On April 19, 1775, the thirteen colonies found themselves at war with Great Britain. British military forces ranked among the most powerful in the world. By contrast, the colonies had forces of militiamen–civilian volunteers– because the Continental Congress had not yet established its Continental Army and Navy.
How did the Continental Congress approach creating military forces that could go toe-to-toe with the British military during the American War for Independence?
Eric Jay Dolin joins us to answer part of that question by looking at the creation of the United States’ privateer fleet. Dolin is the author of fifteen books about the maritime history of early America, including Rebels at Sea: Privateering in the American Revolution.
About the Show
Ben Franklin’s World is a podcast about early American history.
It is a show for people who love history and for those who want to know more about the historical people and events that have impacted and shaped our present-day world.
Each episode features a conversation with a historian who helps us shed light on important people and events in early American history.
Ben Franklin’s World is a production of Colonial Williamsburg Innovation Studios.
Eric Jay Dolin joins us to explore the early American world of privateers and privateering using details from his latest book, Rebels at Sea: Privateering in the American Revolution.
During our exploration, Eric reveals what privateering was and how it differed from piracy; Why the American revolutionaries turned so quickly to privateering as a military option during the American Revolution; And how privateers helped the United States win its independence.
What You’ll Discover
- How privateering differed from piracy
- European precedents for using privateers
- The origins of privateers in North America
- Use of privateers in the American Revolution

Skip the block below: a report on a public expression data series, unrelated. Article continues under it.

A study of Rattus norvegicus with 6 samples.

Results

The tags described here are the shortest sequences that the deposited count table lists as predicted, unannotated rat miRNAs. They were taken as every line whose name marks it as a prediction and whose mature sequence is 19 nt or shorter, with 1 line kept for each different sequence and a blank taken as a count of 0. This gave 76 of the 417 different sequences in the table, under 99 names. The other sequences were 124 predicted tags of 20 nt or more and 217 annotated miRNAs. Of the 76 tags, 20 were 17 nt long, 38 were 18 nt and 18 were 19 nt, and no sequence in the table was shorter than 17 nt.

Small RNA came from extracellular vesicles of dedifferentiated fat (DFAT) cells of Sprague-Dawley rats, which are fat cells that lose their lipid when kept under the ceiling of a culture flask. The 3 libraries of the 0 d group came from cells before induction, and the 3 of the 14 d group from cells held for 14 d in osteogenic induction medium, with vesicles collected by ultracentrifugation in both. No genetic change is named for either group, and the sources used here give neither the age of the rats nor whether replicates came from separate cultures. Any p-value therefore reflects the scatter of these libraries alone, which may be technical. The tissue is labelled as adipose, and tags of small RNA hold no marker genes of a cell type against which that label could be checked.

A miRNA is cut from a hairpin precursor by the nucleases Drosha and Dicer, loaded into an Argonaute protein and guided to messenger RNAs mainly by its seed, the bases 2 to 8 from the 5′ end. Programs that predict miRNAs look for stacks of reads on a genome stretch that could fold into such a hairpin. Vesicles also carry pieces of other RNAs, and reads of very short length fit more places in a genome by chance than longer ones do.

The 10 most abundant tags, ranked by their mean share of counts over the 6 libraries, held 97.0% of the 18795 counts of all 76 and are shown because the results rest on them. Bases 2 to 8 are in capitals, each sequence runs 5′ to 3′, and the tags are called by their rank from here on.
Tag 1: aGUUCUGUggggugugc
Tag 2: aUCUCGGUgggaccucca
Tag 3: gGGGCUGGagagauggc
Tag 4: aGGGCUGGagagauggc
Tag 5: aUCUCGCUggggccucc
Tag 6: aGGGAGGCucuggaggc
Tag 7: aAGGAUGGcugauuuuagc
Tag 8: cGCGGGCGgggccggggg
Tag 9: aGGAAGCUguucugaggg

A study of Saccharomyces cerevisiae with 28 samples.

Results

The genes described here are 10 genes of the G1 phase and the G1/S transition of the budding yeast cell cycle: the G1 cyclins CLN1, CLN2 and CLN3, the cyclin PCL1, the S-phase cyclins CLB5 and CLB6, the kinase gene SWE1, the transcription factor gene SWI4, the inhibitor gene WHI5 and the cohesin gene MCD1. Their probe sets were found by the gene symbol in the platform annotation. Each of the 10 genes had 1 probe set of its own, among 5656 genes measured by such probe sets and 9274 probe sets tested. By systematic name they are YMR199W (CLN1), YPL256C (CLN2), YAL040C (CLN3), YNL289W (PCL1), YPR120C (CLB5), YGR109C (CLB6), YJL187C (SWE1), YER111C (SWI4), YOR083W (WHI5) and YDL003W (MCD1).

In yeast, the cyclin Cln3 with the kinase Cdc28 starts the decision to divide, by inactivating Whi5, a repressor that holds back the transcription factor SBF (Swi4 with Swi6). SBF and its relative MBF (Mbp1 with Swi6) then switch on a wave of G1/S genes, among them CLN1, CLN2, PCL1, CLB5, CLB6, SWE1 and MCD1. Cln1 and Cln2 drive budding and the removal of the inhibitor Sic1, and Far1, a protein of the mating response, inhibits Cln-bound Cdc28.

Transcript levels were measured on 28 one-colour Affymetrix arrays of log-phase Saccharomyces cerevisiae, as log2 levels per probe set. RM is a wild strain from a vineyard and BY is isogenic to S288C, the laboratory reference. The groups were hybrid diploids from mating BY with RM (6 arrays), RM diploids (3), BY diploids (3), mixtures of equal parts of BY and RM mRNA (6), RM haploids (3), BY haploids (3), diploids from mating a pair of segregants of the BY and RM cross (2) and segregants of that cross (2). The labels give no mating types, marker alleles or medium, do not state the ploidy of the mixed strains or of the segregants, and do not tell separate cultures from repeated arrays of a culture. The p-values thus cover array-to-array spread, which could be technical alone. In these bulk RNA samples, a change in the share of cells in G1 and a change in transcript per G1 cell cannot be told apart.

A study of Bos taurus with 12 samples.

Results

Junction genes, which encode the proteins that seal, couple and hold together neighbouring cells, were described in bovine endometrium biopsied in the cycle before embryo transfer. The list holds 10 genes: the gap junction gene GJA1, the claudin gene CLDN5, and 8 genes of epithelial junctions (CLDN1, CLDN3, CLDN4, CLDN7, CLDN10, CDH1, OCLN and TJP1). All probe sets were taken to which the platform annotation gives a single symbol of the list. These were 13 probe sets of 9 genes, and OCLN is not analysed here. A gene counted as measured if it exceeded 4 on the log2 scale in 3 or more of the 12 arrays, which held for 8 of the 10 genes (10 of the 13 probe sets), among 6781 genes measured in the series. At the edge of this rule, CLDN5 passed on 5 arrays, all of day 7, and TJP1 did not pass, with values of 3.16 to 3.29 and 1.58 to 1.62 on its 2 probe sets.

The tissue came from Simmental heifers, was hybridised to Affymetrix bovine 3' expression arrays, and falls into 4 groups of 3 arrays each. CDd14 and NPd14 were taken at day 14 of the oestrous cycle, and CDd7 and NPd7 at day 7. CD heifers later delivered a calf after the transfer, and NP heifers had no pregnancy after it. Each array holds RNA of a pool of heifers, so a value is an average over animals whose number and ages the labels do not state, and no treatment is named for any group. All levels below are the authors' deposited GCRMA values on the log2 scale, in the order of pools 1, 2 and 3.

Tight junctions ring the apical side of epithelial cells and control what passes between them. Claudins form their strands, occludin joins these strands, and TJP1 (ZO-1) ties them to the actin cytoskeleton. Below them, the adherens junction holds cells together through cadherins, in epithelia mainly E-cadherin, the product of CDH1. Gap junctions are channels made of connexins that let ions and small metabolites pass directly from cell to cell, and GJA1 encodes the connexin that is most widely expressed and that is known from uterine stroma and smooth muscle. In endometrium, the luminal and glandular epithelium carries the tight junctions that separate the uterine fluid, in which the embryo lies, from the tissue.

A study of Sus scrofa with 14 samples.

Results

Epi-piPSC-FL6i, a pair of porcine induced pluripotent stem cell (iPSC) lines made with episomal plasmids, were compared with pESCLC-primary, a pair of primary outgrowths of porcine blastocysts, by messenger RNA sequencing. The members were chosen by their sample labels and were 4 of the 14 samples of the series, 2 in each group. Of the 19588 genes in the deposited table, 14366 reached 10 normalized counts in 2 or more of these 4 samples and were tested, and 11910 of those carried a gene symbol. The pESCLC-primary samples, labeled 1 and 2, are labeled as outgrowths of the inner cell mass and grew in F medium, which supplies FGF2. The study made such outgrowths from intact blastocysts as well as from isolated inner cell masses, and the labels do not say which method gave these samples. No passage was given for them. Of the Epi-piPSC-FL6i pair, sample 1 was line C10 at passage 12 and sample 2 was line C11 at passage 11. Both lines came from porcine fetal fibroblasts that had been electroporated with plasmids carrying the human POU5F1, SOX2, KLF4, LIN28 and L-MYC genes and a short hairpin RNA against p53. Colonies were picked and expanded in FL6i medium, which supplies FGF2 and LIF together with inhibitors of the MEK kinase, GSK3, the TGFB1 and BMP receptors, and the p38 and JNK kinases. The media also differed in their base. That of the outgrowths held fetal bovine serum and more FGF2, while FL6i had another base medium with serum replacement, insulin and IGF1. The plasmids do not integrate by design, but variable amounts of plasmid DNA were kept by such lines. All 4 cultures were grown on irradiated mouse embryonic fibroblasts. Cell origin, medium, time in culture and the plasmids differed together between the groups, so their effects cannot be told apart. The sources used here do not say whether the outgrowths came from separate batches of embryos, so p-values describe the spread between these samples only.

- Why the revolutionaries turned to privateers in the American Revolution
- The relationship between port cities and number of privateers
- The average age, life expectancy, and gender of privateers
- The wide diversity of those who worked as privateers
- James Forten and his time as a privateer during the American Revolution
- Massachusetts as first colony to use privateering in American Revolution
- How privateers helped Revolutionary forces in the War for Independence
- How privateers hindered Revolutionary war efforts
- Opportunities and risks associated with being a privateer
- How privateers decided which ships to capture and how they captured them
- How the British Navy viewed American privateers
- The major contributions made privateers to the American Revolution
Links to People, Places, and Publications
- Episode 161: Smuggling in the American Revolution
- Episode 208: Nathaniel Philbrick, Turning Points of the American Revolution
- Episode 288: Tyson Reeder, Smugglers & Patriots in the 18th-Century Atlantic World
- Episode 309: Philip Reid, Merchant Ships of the Eighteenth Century
- Episode 348: Ricardo Herrera, Valley Forge
- Episode 352: James Forten and the Making of the United States
In your opinion, what might have happened if the Continental Congress had banned the use of privateers during the American War for Independence? How might the quest for American independence have turned out differently without the use of privateers?